Friday, October 2, 2009

TFS 2010 will be much easier to install

I've spent a week trying to get TFS 2008 installed on my home infrastructure. It was the most painful piece of software that I've ever installed. And it looks like I was not the only one who felt that:

"Installing TFS has been a pain point for years. Although it’s gotten better, 2010 represents a quantum leap. The TFS installer now has 3 wizards: Basic, Standard and Advanced. The big innovation is the new “Basic” install wizard. It is a Next, Next, Next install experience that allows you to install and configure TFS in about 20 minutes or less (assuming .NET and SQL Express are already on your computer – a little longer if TFS has to install them for you). Both will already be there if you’ve installed VS 2010. The Basic wizard will install and configure IIS (if it’s not already there), install and configure SQL Express (if it’s not already there), and install and configure TFS. The only thing that really pains me is installing .NET 4.0 requires a reboot :(."


DzembuGaijin said...

yeah!!! Good job Microsoft :-)

Eric Lee Green said...

It has always been baffling as to why TFS was so difficult to set up. Perforce has never been that difficult to set up even when setting up a remote caching server for an outsourced team. It's good that TFS 2010 finally addresses that issue, though I have no intention of using it (Perforce and the various tools we've built around Perforce, such as the Hudson build system and our Hudson-integrated automated testing framework, are serving quite well in a cross-platform environment where various engineers are using MacOS, Windows, and various flavors of Linux to do their development).

I continue to feel that engineers pay far too little attention to packaging and deployment during the design phase of their projects. After all, project managers rarely adequately specify these to engineers because in many cases they've never been involved in the systems administration side of things and thus have no clear understanding of how enterprise-class networks and systems work, and engineers often feel their job is done once a working product is delivered to QA thus don't need to worry about deployment. Plus there is the engineering fascination with exposing inscrutable functionality that is absolutely useless to 99.999% of potential customers to the world, a fascination which is fed by product managers who want one more checkbox to put on the competitive analysis comparisons spreadsheet that goes to marketing. It's ridiculous, you end up with software that takes four screens full of data to do what one input box and one button should be doing, but that's what happens when you have geeks gone wild not thinking about how the product will actually be deployed and used by actual real human beings.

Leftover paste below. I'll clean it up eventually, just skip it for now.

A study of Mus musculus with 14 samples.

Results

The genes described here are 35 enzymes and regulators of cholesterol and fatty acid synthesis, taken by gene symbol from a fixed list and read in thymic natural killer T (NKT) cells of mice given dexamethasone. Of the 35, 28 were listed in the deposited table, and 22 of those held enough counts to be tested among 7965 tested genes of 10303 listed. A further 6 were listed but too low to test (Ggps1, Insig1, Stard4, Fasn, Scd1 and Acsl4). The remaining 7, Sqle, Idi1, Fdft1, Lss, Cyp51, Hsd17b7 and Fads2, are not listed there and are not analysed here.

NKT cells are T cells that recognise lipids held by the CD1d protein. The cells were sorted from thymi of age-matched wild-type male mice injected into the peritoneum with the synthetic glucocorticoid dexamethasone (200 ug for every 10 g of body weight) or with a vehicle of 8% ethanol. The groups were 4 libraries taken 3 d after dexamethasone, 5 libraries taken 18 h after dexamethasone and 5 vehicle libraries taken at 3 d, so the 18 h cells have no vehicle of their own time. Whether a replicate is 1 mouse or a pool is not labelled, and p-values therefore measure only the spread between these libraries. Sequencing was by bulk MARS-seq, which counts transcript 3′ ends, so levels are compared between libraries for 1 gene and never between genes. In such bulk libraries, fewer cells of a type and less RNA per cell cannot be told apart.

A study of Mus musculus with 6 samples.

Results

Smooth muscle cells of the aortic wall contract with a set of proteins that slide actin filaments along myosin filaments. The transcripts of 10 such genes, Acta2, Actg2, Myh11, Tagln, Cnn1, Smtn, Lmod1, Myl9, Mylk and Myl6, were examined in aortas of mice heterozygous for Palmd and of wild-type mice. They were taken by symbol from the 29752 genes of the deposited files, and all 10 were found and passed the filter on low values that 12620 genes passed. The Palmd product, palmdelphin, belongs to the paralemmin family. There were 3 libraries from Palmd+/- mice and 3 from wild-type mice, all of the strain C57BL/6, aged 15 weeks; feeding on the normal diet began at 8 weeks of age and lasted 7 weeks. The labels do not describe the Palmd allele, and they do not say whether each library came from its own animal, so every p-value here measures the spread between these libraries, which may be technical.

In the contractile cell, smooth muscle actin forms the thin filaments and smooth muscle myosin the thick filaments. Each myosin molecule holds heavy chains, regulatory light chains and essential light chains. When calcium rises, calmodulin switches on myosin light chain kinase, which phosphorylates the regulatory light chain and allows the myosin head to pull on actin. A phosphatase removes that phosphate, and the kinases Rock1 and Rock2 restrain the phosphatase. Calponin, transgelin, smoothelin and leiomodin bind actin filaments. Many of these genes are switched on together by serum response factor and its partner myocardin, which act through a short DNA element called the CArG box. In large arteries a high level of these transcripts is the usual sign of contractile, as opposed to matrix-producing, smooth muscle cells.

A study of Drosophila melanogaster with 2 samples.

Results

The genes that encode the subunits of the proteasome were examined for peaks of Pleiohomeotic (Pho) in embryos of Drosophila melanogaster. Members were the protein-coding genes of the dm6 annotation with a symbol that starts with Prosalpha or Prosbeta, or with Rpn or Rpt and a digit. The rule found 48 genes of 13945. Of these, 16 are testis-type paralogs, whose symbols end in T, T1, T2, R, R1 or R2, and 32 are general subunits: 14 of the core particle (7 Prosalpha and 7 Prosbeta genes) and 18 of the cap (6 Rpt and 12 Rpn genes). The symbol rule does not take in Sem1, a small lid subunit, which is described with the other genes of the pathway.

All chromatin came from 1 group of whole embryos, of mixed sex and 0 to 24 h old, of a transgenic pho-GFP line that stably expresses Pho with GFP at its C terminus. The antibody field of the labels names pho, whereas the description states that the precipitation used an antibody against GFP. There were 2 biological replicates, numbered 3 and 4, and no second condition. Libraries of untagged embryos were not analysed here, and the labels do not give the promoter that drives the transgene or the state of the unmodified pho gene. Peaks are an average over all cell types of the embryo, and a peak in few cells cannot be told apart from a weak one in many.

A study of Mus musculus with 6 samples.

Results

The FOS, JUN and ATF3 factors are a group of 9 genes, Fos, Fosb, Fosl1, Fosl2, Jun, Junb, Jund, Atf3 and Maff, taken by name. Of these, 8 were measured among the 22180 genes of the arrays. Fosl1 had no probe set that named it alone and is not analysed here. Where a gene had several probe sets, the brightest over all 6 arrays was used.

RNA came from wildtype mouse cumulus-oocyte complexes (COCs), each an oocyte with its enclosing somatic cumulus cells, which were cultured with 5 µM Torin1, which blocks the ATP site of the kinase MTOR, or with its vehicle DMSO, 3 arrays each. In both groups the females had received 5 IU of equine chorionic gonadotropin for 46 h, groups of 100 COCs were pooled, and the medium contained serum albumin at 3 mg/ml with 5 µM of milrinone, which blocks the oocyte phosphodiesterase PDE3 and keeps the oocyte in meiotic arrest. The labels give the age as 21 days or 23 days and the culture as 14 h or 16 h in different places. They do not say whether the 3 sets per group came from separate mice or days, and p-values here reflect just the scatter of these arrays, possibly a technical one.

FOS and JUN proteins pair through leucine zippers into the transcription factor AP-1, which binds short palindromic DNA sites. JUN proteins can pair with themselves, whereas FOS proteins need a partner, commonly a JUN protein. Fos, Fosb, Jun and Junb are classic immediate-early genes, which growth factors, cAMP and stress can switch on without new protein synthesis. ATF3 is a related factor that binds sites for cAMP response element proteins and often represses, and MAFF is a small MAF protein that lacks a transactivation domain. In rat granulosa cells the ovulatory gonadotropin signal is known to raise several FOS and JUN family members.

Unfortunately I don't know what the final solution is. I push back whenever possible towards a simpler, cleaner solution that does what 99.999% of the people need, not what that one person out of 100,000 needs (but which will confuse the other 99,999 people and cause yet more code bloat) , but it's like trying to push a landslide back uphill by hand, the only time I've managed it completely is when I've had full lead architect status and a product manager who was not competent to second-guess me. I'm glad that somebody at Microsoft has at last realized that there needs to be a basic, simple way to do things. I just wish that more of the industry (and indeed additional teams at Microsoft) had that same revelation, far too many products are uselessly difficult and tedious to install and use when there's simply no good reason for it to be that way other than the fact that marketing people want their check boxes and engineers are geeks.